Romania’s former EU Commissioner starts new political party

Former EU agriculture boss Dacian Cioloș has launched his own political party. [European Commission]

Romania’s former EU Agriculture Commissioner, Dacian Cioloș, who also briefly headed a technocratic government in 2016, has started a new political party just as the country gears up for a presidential election next year and parliamentary elections in 2020.

Cioloș announced during a live event streamed on Facebook on Friday (30 March) that his Romania 100 think tank would form the basis of a new political movement called Romania Impreuna (Romania Together).

The new party is expected to draw the bulk of its support from the centre-right, although Cioloș insisted that the movement is neither left nor right leaning and is “about values”, suggesting he will try to mirror the success of French President Emmanuel Macron’s République En Marche movement.

“It will be an ambitious and risky attempt, especially since people have big expectations. We want to inspire people who think Romania deserves a new political class. A political class with zero tolerance for corruption, nepotism and insincerity,” Cioloș said in a statement published online.

Romania Together could be a perfect coalition partner for the Save Romania Alliance, a movement launched two years ago that also has anti-graft and transparency as its core values. A reported 6,000 members signed up to the new party within four hours.

The party already has the support of former health minister Vlad Voiculescu, who served under Cioloș in 2016, and the popular politician will run next year for the post of mayor of Bucharest.

It is still unclear if Cioloș will run in the presidential election next year. Romanian media report that the former EU Commissioner believes the head of state lacks real power and he will therefore keep his powder dry for the general election in 2020.


He remained in office until Romania’s 2016 parliamentary elections eventually led to the formation of Sorin Grindeanu’s socialist government. Cioloș did not stand for election although there were widespread calls for him to continue in his role.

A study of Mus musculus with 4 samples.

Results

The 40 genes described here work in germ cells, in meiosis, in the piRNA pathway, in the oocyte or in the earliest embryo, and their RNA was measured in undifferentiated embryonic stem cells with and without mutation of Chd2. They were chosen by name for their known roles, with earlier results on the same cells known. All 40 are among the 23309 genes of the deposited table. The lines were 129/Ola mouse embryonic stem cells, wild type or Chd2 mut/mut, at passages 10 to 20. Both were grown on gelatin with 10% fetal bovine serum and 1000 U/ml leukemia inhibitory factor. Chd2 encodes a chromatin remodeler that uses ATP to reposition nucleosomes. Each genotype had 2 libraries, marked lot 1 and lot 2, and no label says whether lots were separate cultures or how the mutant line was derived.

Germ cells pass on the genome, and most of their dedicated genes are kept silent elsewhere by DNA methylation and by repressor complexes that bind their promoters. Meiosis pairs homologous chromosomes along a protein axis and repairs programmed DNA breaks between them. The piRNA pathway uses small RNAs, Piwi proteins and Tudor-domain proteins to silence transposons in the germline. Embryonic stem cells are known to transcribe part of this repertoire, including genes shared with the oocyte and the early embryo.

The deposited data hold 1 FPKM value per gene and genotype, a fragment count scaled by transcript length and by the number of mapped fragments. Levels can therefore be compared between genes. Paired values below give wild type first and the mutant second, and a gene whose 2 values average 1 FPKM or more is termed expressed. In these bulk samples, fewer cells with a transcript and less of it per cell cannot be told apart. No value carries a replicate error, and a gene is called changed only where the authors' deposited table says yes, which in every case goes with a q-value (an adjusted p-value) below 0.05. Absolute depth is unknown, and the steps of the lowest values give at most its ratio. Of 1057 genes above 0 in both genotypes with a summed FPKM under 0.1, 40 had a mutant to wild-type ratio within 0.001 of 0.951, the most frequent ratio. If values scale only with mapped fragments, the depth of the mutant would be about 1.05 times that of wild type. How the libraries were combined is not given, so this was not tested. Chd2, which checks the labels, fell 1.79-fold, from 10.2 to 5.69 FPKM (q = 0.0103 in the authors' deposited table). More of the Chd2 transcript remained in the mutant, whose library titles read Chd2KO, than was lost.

Cioloș, an agronomist by trade educated in France, served as Romania’s European Commissioner during José Manuel Barroso’s second term at the helm of the EU executive from 2009 until 2014.

His background secured him the coveted agriculture portfolio that is currently managed by Ireland’s Phil Hogan but his appointment was criticised by some member states that were concerned about Romania’s alleged mismanagement of EU funds. His close ties with France also led some UK media to suggest that he was a de facto second French Commissioner.

When Jean-Claude Juncker’s mandate began in 2014, Cioloș’ political backers were no longer in power so the socialists’ Corina Crețu secured her country’s nomination and was assigned the regional policy file.


Cioloș is not the first figure to come in from the political wilderness in recent months. Former Greek finance minister Yanis Varoufakis launched MeRA25 last week as part of his ambitions to create a pan-European movement by 2025.

Early last year, former UK Prime Minister Tony Blair suggested that a new political party could be created to give those who voted to remain in the EU “a home” if existing movements did not take into account the wishes of 48% of the electorate.